The digital landscape is experiencing exponential growth in data, with 2.5 quintillion bytes being produced every day. Organizations analyze data to discover behaviors, trends, and competition gaps, which further lead to more data patterns.
The opportunities that data creates are indeed enormous, but so are the resulting security, governance, and compliance risks. However, increasing data production and ingestion creates the need for the identification of data risk hotspots, security misconfigurations, unregulated access control, and undefined special attributes that fall under regulatory compliance.
To make sense of all these risks and ensure compliance, an organization first needs to set its data discovery policies and practices by answering the following questions:
Due to excessive data proliferation, organizations find it more expensive to store and analyze data using on-premise hardware infrastructure, especially at a petabyte-scale.
To reduce cost, companies are moving to cloud storage service providers. With this move, companies are not only saving 15% of their overall IT costs but also shifting 94% of their workload processing to cloud-based data centers.
Snowflake is helping organizations resolve their data silos problem and bring all their data applications, data warehouses, and data lakes together under one platform: a hyper-scale cloud storage solution.
However, discovering and classifying data becomes increasingly difficult to control as this massive data volume moves to the cloud.
Can the existing data in the Snowflake database provide complete context, and thus, help derive meaningful results? When data exists across a multitude of data assets and data stores, it is prone to data sprawl. The absence of a unified catalog of data that can map sensitive data, and understand its context, creates complications. This absence also leads to frustration and confusion amongst teams as it impedes their ability to identify data risk hotspots or compliance gaps.
Data discovery and classification is the first step in data analysis. Data analysts and scientists spend a lot of time and effort manually sorting, tagging, labeling, and cataloging data in the Snowflake data warehouse. Paralysis by analysis occurs when data scientists have to analyze a mass amount of data, scattered all over the place.
Automation takes the consequences of ‘information overload’ out of the equation. It adds speed and efficiency to the process, enabling data scientists to shift their focus from data discovery and classification to more important tasks like extracting key insights from a catalog of classified and categorized data.
Efficiency in data discovery comes from effective data classification. This helps data scientists to group the data into content-based or context-based categories which further help them determine which data in the Snowflake database is at low, moderate, or high risk. However, effective classification requires well-defined data taxonomy, but taxonomies may vary by region or industry.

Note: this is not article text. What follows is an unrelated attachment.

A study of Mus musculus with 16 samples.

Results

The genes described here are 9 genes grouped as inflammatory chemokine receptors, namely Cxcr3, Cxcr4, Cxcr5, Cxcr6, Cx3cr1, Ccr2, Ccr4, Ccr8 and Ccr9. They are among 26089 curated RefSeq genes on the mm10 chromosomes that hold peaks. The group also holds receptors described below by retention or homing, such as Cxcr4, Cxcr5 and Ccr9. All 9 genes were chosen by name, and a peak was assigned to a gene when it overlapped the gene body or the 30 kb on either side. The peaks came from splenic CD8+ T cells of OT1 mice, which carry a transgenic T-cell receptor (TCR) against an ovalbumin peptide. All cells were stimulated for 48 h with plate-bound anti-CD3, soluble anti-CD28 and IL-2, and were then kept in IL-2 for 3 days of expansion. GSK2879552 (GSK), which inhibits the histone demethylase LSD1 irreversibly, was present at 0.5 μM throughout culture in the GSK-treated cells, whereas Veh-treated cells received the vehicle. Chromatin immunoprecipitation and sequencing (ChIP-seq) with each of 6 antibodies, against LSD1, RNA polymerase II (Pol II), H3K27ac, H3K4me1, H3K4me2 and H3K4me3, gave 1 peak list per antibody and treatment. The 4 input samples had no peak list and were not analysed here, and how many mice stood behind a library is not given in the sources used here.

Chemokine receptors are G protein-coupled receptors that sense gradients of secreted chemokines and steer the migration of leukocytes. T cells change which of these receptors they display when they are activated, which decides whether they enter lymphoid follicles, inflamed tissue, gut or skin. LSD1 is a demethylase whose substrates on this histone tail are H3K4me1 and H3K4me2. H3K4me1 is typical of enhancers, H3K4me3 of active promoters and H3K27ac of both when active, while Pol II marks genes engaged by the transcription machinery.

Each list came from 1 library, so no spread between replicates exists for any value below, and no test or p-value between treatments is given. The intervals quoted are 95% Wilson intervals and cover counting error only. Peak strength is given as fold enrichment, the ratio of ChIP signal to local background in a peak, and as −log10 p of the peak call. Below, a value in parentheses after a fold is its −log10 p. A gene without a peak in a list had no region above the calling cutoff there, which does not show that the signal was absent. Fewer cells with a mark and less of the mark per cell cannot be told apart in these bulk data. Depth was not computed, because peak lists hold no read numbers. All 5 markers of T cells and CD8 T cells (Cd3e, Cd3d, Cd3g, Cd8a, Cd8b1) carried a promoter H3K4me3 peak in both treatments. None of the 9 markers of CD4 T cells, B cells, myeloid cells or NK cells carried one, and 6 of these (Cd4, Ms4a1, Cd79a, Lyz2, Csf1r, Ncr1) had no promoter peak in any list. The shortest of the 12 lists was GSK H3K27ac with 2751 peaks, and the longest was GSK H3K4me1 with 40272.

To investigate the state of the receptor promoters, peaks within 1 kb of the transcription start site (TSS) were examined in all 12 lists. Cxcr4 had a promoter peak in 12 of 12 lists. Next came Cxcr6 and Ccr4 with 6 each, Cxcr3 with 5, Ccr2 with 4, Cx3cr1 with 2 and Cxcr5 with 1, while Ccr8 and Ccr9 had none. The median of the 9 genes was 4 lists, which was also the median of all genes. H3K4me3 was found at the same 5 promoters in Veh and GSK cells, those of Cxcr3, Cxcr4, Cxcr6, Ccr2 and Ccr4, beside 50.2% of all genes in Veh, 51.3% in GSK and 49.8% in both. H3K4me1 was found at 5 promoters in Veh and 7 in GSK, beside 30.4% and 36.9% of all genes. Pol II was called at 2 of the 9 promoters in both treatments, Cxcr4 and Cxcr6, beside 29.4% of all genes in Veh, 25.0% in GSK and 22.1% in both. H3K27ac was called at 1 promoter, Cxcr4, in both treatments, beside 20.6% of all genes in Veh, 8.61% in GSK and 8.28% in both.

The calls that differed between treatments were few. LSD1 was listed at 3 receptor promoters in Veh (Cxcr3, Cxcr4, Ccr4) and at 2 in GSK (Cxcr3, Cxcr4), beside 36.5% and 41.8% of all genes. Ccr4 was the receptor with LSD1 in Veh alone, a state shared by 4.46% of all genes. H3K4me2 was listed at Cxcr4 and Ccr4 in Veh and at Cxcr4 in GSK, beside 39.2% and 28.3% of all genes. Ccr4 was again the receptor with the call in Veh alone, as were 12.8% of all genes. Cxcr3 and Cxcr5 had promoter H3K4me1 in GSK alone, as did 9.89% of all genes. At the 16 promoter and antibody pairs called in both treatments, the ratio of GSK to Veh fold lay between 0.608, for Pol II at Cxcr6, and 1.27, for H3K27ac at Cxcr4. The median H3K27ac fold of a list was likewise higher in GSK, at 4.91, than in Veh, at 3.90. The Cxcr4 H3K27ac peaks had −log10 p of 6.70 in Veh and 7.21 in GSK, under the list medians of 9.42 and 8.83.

Some organizations have vague taxonomies that open the context or meaning of the data element to many interpretations. This further complicates things when data scientists need to map the data or recall it to, for example, fulfill data subject requests.
There can be over a trillion bytes of data in a Snowflake data warehouse. Manually classifying and tagging data creates a lot of complications. It is not only labor-intensive, but it also requires a lot of time.
Moreover, data classification isn’t a one-off activity as data doesn’t remain static. The dynamic nature of data requires continuous scanning which is only feasible with automation.Moreover, data classification isn’t a one-off activity as data doesn’t remain static. The dynamic nature of data requires continuous scanning which is only feasible with automation.
Automation takes the load off of team members and enables data discovery and classification at petabyte scale.
Not every data is liable for regulatory compliance. Regulatory Laws, such as the GDPR, have defined certain types of data as personal or sensitive personal data. Sensitive personal data requires additional protection by law. To meet regulatory requirements, organizations must identify special attributes during data classification and cataloging. By identifying those attributes and mapping them to the right owners or users, Snowflake users can set access controls, avoid security risks, and ensure compliance.
Securiti’s solution for Snowflake utilizes AI to automate data discovery, classification, and cataloging across all data assets in the Snowflake data warehouse.
Securiti’s native Snowflake connector allows seamless integration. This helps users to discover data assets on-premise and cloud storage efficiently. Identify personal and sensitive attributes with an advanced built-in detection system.
With predefined categories and data taxonomies, Snowflake users can automate the classification process and effectively identify personal and sensitive attributes that fall under security and privacy frameworks.
Read here how Securiti helps organizations enable innovation on the cloud with autonomous data discovery, security, and compliance.